The 2021 Babuk source code leak is giving more ransomware actors of varying sophistication and expertise the ability to target Linux systems.

A new report from SentinelLabs shows that more threat actors are adopting the source code, which was stolen and leaked on a Russian hacking forum in September 2021. In the second half of 2022 and first half of 2023, researchers identified nine ransomware groups using VMware ESXi lockers based on the leaked code.

“There is a noticeable trend that actors increasingly use the Babuk builder to develop ESXi and Linux ransomware,” said researchers with SentinelLabs in a Thursday analysis. “This is particularly evident when used by actors with fewer resources, as these actors are less likely to significantly modify the Babuk source code.”

Babuk was one of the earlier threat groups that targeted the ESXi platform. However, over time threat groups have increased their targeting of hypervisors due to their popularity across on-prem and hybrid enterprise environments. Other researchers over the past year have also discovered new ransomware families that rely on the leaked Babuk code. Last year, researchers with ReversingLabs analyzed a new variant of the AstraLocker ransomware that is a fork of the Babuk ransomware-as-a-service, for instance.

After the leak, researchers said they recently found overlap between the Babuk code and ESXi lockers that are attributed to bigger players, like Conti and REvil. They also found several smaller ransomware families relying on the leaked source code, such as the Mario ransomware used by Ransom House and a (previously unreported) ESXi version of the Play ransomware.

These smaller groups may not have the resources or expertise to target Linux systems, and using the leaked code means they do not need to make big or timely investments in order to infect victims. On the other hand, researchers noted that other big ransomware actors - like ALPHV, Black Basta, Hive and Lockbit - have targeted Linux devices with ESXi lockers that show no “obvious similarity” to Babuk.

The ties between Conti, REvil and Babuk, however, reveal several possibilities, said researchers. The groups may have outsourced an ESXi locker project to the same developer, for instance. Regardless, the increasing adoption of leaked source code shows how attribution is getting more muddled as more ransomware groups outsource, share and leak code.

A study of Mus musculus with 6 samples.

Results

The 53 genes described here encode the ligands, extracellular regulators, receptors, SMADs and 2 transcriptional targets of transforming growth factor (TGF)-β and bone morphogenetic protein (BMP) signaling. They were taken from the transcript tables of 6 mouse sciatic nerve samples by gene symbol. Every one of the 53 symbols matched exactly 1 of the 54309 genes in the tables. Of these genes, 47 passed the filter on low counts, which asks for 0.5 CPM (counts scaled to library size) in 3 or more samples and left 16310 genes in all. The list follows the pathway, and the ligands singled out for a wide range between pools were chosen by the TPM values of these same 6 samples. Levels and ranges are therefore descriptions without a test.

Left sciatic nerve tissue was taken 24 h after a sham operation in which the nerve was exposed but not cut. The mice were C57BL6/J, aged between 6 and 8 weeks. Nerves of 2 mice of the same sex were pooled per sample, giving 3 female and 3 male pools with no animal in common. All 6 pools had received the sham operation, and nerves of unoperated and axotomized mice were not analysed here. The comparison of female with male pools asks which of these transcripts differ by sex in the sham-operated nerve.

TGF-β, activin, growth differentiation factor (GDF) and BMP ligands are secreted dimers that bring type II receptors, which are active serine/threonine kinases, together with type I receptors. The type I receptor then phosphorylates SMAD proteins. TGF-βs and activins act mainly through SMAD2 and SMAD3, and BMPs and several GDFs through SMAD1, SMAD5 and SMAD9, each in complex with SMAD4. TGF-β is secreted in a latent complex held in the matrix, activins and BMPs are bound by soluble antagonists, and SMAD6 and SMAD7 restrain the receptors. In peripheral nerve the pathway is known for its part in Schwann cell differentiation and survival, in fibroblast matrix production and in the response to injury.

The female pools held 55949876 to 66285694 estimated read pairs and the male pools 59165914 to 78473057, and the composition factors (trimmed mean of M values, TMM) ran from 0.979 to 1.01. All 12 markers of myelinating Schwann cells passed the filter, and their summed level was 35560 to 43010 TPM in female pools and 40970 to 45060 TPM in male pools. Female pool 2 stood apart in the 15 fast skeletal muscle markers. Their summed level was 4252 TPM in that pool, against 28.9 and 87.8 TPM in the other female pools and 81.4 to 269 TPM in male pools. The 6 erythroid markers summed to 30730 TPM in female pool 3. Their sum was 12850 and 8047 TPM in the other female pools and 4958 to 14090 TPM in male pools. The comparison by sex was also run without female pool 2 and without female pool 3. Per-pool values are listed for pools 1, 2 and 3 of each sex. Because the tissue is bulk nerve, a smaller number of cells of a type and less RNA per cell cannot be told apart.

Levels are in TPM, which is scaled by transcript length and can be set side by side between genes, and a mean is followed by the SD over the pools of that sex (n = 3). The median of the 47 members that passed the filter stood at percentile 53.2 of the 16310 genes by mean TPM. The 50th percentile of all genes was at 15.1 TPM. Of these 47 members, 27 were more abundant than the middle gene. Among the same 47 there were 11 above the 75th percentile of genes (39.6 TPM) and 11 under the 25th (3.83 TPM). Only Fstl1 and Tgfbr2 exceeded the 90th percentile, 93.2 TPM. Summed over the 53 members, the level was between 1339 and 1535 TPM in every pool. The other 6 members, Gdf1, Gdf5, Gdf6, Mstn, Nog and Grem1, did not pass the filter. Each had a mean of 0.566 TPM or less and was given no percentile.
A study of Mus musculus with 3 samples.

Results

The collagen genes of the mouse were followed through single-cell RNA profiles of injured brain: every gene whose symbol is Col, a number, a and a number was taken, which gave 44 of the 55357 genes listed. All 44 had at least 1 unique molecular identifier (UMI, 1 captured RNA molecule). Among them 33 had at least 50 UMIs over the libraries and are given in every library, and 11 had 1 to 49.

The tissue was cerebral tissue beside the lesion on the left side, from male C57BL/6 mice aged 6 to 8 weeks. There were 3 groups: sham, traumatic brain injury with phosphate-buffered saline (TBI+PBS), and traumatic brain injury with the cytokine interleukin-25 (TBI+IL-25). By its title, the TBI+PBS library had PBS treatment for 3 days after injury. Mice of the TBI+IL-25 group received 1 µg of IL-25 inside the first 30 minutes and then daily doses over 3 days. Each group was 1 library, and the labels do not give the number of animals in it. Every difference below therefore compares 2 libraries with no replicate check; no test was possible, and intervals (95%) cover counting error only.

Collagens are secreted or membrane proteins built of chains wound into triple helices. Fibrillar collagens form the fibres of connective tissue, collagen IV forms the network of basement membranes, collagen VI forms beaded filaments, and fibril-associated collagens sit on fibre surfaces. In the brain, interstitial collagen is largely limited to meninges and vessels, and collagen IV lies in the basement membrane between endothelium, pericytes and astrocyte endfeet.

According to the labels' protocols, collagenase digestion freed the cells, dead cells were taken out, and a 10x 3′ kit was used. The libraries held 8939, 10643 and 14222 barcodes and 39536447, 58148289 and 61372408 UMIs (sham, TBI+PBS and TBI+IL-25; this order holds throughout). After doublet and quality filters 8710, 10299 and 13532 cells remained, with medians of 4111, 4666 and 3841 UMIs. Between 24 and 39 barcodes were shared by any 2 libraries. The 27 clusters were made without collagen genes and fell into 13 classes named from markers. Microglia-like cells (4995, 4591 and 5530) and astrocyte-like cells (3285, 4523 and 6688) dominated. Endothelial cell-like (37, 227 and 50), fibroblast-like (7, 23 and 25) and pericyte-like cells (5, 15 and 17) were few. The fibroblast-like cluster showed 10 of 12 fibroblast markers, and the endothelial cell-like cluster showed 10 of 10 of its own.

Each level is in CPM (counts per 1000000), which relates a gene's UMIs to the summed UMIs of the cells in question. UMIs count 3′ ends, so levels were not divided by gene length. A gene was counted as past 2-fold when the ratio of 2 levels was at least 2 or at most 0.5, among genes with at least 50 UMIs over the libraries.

“The talent pool for Linux malware developers is surely much smaller in ransomware development circles, which have historically held demonstrable expertise in crafting elegant Windows malware,” said researchers. “Ransomware groups have experienced numerous leaks, so it is plausible smaller leaks occurred within these circles. Additionally, actors may share code to collaborate, similar to open-sourcing a development project.”

Researchers think that more threat actors will increasingly use the Babuk builder to create ransomware targeting the ESXi platform. In addition, based on the popularity of Babuk’s ESXi locker code, threat actors may also use the group’s Go-based version of its locker that targets network attached storage (NAS) devices.

“Golang remains a niche choice for many actors, but it continues to increase in popularity,” said researchers. “The targeted NAS systems are also based on Linux. While the NAS locker is less complex, the code is clear and legible, which could make ransomware more accessible for developers who are familiar with Go or similar programming languages.”